5 Reasons Not To Become a Freelancer
I’ve been freelancing for nearly 10 years now and can’t imagine returning to the 9-to-5 grind. (And not only because these days, it’s more like 9-to-6, followed by several hours of answering emails.) The freedom, flexibility—and yes, even the pay—far exceed what I encountered during my pre-freelance career as an employee.
That said, it’s not for everyone. I have friends and colleagues who are spectacularly successful at navigating the corporate world. They hit their goals, climb the org chart, and rack up huge raises at high-profile jobs. But by their own admission, some of them wouldn’t last a quarter as a freelancer.
“I would sleep until 11 a.m. every day,” one friend confided in me. “And make about $10,000 a year.”
So how can you tell if freelancing is not the right choice for you? See if any of these reasons resonate.
1. You Prefer a Set Schedule
Maybe you have procrastination issues or maybe you just prefer having guidelines for your day. No matter what the reason, if you like someone else to tell you when things are due and what time to sit down to work, you probably won’t be very happy as a freelancer.
Now, that doesn’t mean that you shouldn’t give it a try. You may find it easier to get motivated when your earnings depend on it, or you might learn that your procrastination problem was tied to working in a more corporate environment. But if you don’t like calling the shots, it’s perfectly okay to recognize that about yourself – and choose your employment situation with that in mind.
2. You Don’t Like Dealing With Money
One of the perks of working as an employee is that your financial situation is typically a lot simpler. You know how much you’re going to get paid and when you’ll receive that paycheck. In fact, if you’re like 82% of American workers, you don’t even have to wait for that check—the money shows up in your bank account via direct deposit. You get a W2, so no need to pay quarterly estimated income taxes. Plus, your compensation may include non-cash benefits like health insurance, retirement plans, paid vacation time and sick time, and so on.
When you’re a freelancer, you don’t have that security. In the U.S., you have to buy your own health insurance, which may be of lesser quality than an employer plan, or get your insurance through a spouse. You might wait several months to get paid or lose a valuable contract when you least expect it. But on the other hand, you might also earn a lot more than you would as an employee. According to research from Freelancers Union and Upwork, skilled freelancers earn more than 70% of U.S. workers.
Becoming a successful freelancer often means combining the soul of a gambler with the conscientious nature of an accountant. It’s feast or famine, and you have to have the mettle—and the emergency fund— to withstand the ups and downs. If you’re risk avoidant or just value your security, freelancing might be more stressful than you can tolerate.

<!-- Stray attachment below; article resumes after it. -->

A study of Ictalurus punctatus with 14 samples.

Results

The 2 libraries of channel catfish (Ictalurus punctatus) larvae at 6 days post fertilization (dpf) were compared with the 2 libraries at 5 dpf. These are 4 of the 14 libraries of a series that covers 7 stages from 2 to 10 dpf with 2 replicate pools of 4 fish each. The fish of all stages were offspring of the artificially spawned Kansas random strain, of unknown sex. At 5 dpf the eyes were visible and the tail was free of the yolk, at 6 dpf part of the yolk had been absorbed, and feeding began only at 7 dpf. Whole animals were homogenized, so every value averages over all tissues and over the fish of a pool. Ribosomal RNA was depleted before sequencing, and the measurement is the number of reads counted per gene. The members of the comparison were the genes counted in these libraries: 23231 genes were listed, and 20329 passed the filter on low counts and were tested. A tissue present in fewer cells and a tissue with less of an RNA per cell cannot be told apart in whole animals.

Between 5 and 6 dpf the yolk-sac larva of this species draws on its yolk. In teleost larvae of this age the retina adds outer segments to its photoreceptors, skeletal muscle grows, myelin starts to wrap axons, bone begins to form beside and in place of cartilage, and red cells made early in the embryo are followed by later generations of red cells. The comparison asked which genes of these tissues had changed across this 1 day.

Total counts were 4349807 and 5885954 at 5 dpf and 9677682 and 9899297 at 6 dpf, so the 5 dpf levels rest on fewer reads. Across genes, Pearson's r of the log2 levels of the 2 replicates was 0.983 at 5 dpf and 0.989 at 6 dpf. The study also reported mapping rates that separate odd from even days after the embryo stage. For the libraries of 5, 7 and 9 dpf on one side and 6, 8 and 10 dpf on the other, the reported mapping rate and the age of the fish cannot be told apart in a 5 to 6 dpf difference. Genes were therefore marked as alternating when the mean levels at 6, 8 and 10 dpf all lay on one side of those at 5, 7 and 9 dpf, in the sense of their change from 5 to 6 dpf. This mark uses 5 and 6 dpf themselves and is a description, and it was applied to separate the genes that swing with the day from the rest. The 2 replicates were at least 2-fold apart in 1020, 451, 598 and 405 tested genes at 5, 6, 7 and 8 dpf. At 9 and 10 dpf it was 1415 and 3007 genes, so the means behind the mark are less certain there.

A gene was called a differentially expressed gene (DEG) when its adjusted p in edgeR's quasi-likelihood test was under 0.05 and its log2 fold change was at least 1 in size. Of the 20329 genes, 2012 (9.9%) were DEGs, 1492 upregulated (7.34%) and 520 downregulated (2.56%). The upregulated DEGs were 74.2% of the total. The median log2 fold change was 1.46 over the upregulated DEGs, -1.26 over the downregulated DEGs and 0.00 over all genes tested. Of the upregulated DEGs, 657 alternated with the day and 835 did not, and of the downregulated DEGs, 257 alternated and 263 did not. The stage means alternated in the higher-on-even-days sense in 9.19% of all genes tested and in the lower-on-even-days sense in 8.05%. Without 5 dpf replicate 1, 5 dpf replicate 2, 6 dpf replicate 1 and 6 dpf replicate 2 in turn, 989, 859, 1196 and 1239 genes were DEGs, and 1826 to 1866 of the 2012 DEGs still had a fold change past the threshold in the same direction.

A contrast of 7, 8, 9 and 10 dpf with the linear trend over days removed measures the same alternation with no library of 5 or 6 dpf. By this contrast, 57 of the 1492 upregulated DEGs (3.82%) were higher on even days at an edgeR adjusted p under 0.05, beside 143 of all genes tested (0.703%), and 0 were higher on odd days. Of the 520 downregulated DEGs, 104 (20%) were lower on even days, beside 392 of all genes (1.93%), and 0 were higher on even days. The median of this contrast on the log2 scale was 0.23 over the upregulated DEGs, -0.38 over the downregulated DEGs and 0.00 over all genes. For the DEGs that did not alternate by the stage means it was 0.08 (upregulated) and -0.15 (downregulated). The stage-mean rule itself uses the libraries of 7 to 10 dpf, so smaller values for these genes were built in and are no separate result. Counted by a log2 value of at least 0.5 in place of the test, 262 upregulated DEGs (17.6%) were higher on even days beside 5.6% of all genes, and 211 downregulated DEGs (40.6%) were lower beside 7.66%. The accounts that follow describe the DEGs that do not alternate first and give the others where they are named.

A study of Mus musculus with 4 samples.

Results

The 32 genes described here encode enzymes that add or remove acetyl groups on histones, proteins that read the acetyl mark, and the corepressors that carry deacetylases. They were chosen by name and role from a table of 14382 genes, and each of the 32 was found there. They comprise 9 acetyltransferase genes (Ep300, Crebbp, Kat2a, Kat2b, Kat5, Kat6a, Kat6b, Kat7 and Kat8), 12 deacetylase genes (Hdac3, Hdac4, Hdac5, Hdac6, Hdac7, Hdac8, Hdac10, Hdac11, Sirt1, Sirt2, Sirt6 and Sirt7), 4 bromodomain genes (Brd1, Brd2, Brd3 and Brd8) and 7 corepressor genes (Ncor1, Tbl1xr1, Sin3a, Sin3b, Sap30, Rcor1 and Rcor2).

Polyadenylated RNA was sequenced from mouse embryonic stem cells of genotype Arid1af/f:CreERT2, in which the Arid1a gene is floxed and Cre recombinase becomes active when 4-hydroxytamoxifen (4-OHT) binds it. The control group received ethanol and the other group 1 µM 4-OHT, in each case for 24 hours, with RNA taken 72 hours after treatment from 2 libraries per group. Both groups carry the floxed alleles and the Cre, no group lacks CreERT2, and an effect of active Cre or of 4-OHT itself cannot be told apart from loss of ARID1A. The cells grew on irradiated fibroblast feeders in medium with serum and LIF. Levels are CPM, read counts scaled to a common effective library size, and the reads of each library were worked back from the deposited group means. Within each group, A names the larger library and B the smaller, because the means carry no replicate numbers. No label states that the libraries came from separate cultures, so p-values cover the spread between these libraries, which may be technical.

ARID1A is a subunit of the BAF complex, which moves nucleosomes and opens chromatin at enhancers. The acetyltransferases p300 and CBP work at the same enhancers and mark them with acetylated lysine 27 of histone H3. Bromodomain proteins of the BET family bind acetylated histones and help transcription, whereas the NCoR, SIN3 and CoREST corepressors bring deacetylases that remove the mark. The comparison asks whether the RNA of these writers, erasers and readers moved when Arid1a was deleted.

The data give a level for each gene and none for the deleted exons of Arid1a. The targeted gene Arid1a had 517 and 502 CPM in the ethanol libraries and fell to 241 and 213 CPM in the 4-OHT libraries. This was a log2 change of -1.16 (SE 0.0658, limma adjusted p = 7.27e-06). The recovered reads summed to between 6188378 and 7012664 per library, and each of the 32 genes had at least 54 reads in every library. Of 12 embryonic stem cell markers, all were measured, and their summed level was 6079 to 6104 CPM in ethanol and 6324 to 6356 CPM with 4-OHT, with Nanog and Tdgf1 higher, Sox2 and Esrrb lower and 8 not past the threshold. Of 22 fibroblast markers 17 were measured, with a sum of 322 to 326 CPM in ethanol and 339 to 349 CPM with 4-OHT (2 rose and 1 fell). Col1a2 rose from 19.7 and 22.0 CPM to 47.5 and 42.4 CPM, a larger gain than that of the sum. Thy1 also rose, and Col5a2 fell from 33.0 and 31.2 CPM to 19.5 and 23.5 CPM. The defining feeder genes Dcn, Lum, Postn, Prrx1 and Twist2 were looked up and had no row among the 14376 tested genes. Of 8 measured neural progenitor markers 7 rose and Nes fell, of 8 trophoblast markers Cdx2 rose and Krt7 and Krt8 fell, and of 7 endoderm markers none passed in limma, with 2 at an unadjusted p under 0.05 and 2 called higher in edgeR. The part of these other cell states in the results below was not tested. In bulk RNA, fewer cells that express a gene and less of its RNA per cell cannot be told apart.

3. You Can’t Say No
And speaking of feast or famine, the ups can be nearly as stressful as the downs when it comes to working for yourself. Why? Because it’s all too easy to become a work-hoarder, saying yes to every contract that comes along, fearful that your luck will soon turn.
Go on like that long enough, and you’ll get burned out and start turning in sub-par work. In both the long- and short-run, it’s always better to draw a boundary before you overcommit.
4. You’re Strongly Extroverted and/or Very Social
Freelancing is a great choice for introverts, who draw their energy from within, rather than from external stimulation.
“As an introvert, I’m able to spend a long time alone without going crazy,” writes Lindsay Van Thoen at The Freelancers Union’s blog. “I don’t need a group brainstorming session to come up with my best ideas. When I’m alone, I have the mental space to play around, scribble things down on paper, and see how things work. An extroverted freelancer might feel understimulated when they’re not surrounded by colleagues bouncing ideas off of one another.”
However, an introvert’s ideal work situation might just be professional hell for extroverts, who typically find social situations energizing and enjoy working with groups.
Of course, the truth is that many people fall somewhere in the middle of the spectrum of introversion vs. extroversion. Beyond that, there are many ways for extroverted freelancers to get their social fix, from joining a co-working space to connecting with colleagues via Skype, Slack, and other collaboration technologies.
But if you are an extrovert who’s giving the freelance life a try, it’s important to know what feeds your creativity and productivity. If you need social interaction, make a plan to incorporate that into your schedule.
5. You Love Being an Employee
Finally, the best reason not to become a freelancer is that you prefer being an employee. Maybe you enjoy feeling like you’re part of a team, or you’ve met many of your best friends through work. Perhaps you feel a strong attachment to your employer’s mission or have found that it’s easier to achieve your professional goals by working for an organization.
There are plenty of valid reasons to work for an employer instead of for yourself. Plus, you never know what tomorrow will bring. Your personal circumstances may change, or your professional goals may evolve to make freelancing seem like a more attractive option. The most important thing is to be honest with yourself about your needs and wants, and to build your career accordingly.